CHAPTER XXX. The Principles of Christian Living: Faith and Hope
114. Thus, from our confession of faith, briefly summarized in the Creed (which is milk for babes when pondered at the carnal level but food for strong men when it is considered and studied spiritually), there is born the good hope of the faithful, accompanied by a holy love.  But of these affirmations, all of which ought faithfully to be believed, only those which have to do with hope are contained in the Lord's Prayer. For "cursed is everyone," as the divine eloquence testified, "who rests his hope in man."  Thus, he who rests his hope in himself is bound by the bond of this curse. Therefore, we should seek from none other than the Lord God whatever it is that we hope to do well, or hope to obtain as reward for our good works.
115. Accordingly, in the Evangelist Matthew, the Lord's Prayer may be seen to contain seven petitions: three of them ask for eternal goods, the other four for temporal goods, which are, however, necessary for obtaining the eternal goods.
For when we say: "Hallowed be thy name. Thy Kingdom come. Thy will be done on earth, as it is in heaven"  -this last being wrongly interpreted by some as meaning "in body and spirit"-these blessings will be retained forever. They begin in this life, of course; they are increased in us as we make progress, but in their perfection-which is to be hoped for in the other life-they will be possessed forever! But when we say: "Give us this day our daily bread. And forgive us our debts, as we forgive our debtors. And lead us not into temptation, but deliver us from evil,"  who does not see that all these pertain to our needs in the present life? In that life eternal-where we all hope to be-the hallowing of God's name, his Kingdom, and his will, in our spirit and body will abide perfectly and immortally. But in this life we ask for "daily bread" because it is necessary, in the measure required by soul and body, whether we take the term in a spiritual or bodily sense, or both. And here too it is that we petition for forgiveness, where the sins are committed; here too are the temptations that allure and drive us to sinning; here, finally, the evil from which we wish to be freed. But in that other world none of these things will be found.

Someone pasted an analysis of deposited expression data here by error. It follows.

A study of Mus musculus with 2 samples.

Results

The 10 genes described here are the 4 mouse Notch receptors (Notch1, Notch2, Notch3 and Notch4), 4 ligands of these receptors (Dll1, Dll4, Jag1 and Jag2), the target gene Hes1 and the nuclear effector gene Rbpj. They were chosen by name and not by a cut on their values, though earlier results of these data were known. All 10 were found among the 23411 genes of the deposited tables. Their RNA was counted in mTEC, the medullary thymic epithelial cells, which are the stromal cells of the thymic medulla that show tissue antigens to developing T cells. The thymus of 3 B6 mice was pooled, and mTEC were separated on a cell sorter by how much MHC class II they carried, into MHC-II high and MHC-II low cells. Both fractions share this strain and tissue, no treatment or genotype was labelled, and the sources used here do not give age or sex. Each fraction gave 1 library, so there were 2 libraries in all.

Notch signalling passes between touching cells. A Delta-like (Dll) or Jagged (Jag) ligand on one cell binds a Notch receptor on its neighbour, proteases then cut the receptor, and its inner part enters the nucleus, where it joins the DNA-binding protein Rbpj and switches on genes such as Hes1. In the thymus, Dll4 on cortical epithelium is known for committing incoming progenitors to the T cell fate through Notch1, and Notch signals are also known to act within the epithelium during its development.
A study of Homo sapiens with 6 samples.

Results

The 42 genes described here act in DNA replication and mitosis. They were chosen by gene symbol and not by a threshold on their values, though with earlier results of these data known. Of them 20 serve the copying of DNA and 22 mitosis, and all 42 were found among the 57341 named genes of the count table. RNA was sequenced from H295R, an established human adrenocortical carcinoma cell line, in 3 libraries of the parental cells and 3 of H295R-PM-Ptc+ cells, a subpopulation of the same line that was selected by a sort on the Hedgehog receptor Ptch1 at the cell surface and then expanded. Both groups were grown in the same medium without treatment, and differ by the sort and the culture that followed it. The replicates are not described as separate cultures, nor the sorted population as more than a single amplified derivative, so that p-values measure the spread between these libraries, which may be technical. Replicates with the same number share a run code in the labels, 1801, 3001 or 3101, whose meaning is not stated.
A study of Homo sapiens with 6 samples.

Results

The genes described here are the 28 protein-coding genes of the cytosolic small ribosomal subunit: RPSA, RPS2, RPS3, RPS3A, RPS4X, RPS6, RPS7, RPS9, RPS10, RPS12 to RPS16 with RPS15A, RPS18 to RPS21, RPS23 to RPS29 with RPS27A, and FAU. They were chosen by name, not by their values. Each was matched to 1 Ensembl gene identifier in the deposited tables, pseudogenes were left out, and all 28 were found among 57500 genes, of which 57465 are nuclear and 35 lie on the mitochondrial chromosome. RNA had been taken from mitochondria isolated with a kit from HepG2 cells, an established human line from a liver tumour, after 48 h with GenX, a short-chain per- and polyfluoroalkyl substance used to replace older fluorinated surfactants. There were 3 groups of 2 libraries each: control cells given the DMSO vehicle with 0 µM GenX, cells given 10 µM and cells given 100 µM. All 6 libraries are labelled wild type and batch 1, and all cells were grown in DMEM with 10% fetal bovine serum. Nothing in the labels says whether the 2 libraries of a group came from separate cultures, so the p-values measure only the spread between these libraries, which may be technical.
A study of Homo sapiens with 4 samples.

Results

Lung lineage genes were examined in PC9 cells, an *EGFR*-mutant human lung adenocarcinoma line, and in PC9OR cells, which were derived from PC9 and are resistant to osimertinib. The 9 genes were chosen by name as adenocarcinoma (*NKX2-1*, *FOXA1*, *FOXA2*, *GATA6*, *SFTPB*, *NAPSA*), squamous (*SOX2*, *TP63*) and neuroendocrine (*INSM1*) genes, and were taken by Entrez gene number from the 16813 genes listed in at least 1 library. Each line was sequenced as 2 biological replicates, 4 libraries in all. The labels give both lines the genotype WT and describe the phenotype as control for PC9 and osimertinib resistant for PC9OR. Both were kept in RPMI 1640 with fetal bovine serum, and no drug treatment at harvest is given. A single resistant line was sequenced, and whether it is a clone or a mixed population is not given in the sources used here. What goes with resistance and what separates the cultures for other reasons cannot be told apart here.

116. However, the Evangelist Luke, in his version of the Lord's Prayer, has brought together, not seven, but five petitions. Yet, obviously, there is no discrepancy here, but rather, in his brief way, the Evangelist has shown us how the seven petitions should be understood. Actually, God's name is even now hallowed in the spirit, but the Kingdom of God is yet to come in the resurrection of the body. Therefore, Luke was seeking to show that the third petition ["Thy will be done"] is a repetition of the first two, and makes this better understood by omitting it. He then adds three other petitions, concerning daily bread, forgiveness of sins, and avoidance of temptation.  However, what Matthew puts in the last place, "But deliver us from evil," Luke leaves out, in order that we might understand that it was included in what was previously said about temptation. This is, indeed, why Matthew said, "But deliver us," instead of, "And deliver us," as if to indicate that there is only one petition-"Will not this, but that"-so that anyone would realize that he is being delivered from evil in that he is not being led into temptation.
 Note the artificial return to the triadic scheme of the treatise: faith, hope, and love.